In 2021, the Murray Bridge High School will be launching a contemporary new visual brand.
In doing so, our ultimate goal is for the new look and feel to reflect our rich history and cultural background, while also incorporating a more aspirational message about our future as an entrepreneurial, skills-focused, job-ready, progressive, inclusive and specialist secondary school.
It's an exciting time for our school, and for all of the people involved.
We don’t want to create the new brand in isolation though, and are asking for feedback from our key stakeholders to help us along this journey.
Between August to December 2020, the school – and our brand consulting partner Commshake Media + Engagement – will be touching base with our key stakeholder groups to gain an insight into what they believe are the key themes and assets which need to be incorporated into our new brand. So whether you’re a student, staff member, parent, caregiver, Ngarrindjeri leader, business owner, local Elected Member or community member – we’re interested in your feedback.
Read the FAQ’s below for more details on the re-brand project, otherwise, if you haven’t already, please jump in and fill out our survey below.
This survey should only take you between 5-10 minutes, and you’ll have the chance to opt-in to be involved in the project consultation as it progresses, or simply have your say at the start, and then opt-out until the final product is launched next year.
It’s an exciting time for the Murray Bridge High School, and we can’t wait to bring you along for the ride.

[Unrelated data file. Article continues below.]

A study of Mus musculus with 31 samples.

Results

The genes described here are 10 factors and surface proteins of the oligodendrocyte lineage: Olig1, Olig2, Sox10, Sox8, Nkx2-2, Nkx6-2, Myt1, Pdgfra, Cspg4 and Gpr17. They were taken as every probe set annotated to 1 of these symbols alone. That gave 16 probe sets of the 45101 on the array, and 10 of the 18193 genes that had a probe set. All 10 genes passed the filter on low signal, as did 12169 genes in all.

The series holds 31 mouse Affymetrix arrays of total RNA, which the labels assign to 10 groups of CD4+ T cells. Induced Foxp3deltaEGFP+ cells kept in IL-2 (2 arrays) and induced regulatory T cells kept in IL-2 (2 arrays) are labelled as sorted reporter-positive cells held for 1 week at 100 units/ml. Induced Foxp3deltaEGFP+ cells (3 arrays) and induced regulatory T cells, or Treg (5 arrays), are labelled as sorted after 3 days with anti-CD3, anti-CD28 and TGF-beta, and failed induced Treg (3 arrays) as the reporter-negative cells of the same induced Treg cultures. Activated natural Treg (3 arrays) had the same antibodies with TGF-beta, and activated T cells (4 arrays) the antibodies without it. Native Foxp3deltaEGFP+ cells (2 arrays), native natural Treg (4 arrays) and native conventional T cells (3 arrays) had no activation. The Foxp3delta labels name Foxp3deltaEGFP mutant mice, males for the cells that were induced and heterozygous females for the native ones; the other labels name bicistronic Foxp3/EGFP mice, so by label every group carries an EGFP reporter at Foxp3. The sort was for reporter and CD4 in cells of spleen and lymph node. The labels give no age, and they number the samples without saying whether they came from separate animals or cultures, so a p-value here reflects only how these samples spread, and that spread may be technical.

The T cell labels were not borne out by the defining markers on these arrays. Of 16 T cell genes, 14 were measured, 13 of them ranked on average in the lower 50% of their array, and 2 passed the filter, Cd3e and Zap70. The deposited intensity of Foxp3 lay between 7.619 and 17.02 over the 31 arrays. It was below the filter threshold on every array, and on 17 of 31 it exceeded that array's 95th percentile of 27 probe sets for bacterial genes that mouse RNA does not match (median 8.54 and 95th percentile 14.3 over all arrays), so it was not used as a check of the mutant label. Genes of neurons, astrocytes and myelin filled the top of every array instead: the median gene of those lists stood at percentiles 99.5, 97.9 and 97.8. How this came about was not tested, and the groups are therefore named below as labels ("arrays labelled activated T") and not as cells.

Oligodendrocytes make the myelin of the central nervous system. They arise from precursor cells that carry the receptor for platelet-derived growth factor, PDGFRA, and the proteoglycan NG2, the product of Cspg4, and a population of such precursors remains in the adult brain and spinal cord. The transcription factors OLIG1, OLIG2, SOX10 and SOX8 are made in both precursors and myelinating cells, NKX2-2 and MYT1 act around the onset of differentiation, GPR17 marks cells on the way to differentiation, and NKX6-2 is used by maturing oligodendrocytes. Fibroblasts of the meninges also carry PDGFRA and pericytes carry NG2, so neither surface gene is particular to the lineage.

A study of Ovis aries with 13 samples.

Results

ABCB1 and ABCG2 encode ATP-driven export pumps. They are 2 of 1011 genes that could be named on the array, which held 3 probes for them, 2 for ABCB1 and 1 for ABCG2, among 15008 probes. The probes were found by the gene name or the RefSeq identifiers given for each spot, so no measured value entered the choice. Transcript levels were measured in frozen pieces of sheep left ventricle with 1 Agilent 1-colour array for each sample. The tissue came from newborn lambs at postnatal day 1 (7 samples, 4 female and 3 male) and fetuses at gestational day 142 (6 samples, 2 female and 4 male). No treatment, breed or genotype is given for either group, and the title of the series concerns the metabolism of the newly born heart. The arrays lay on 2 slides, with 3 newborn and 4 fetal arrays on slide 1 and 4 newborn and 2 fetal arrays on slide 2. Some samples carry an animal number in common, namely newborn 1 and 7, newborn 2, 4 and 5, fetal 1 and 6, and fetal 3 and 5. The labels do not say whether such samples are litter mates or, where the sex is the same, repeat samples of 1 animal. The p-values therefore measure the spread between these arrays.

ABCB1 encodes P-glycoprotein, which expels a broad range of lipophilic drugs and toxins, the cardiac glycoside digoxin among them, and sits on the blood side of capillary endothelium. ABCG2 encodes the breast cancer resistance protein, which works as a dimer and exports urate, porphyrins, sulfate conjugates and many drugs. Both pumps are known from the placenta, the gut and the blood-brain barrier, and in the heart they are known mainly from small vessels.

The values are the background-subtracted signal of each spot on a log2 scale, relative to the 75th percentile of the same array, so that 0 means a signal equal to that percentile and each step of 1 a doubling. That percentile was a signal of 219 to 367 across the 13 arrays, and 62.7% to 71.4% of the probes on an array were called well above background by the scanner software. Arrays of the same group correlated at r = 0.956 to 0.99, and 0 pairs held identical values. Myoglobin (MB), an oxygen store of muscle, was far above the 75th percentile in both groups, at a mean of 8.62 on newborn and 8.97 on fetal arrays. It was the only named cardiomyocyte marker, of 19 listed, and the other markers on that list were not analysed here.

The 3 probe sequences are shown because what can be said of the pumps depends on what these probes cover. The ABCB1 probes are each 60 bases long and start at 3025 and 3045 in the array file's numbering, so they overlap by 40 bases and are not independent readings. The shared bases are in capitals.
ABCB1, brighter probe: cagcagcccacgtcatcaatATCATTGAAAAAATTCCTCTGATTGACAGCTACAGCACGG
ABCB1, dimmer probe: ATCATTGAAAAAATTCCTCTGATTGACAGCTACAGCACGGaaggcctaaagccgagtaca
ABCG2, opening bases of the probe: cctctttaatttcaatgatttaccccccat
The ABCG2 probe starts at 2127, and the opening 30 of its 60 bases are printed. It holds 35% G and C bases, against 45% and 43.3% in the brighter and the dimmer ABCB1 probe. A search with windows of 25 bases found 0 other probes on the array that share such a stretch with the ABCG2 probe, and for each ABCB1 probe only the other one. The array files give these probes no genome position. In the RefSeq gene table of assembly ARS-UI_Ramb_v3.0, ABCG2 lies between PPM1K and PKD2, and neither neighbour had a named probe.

A: No. The brand will launch in the 2021 school year, and those who are new to the school, or need a new uniform anyway can certainly buy the newly-branded sets as they become available. However, we will slowly transition any uniform branding over for students over 2-3 years. No student will be forced to buy a new uniform – and those who own the current uniform may remain with this for as long as they require.
A: Yes. Our consultants will meet with the school’s Aboriginal leaders (Aunty Cheryl Love and Greg Carter) and will work with them to specifically engage local Ngarrindjeri leaders and Aboriginal students and their families.
A: No. The survey can be anonymous (people can choose to write their names, or leave out). There are few vital pieces of information we need from survey participants, such as age, interests, cultural heritage and postcode – but the remainder is non-specific.
A: A number of visual and communication assets. A new logo and graphic elements will form part of the rebrand that will soon be used for signage and all elements of branding for the school. We will also have a new motto developed, with a Ngarrindjeri translation as well.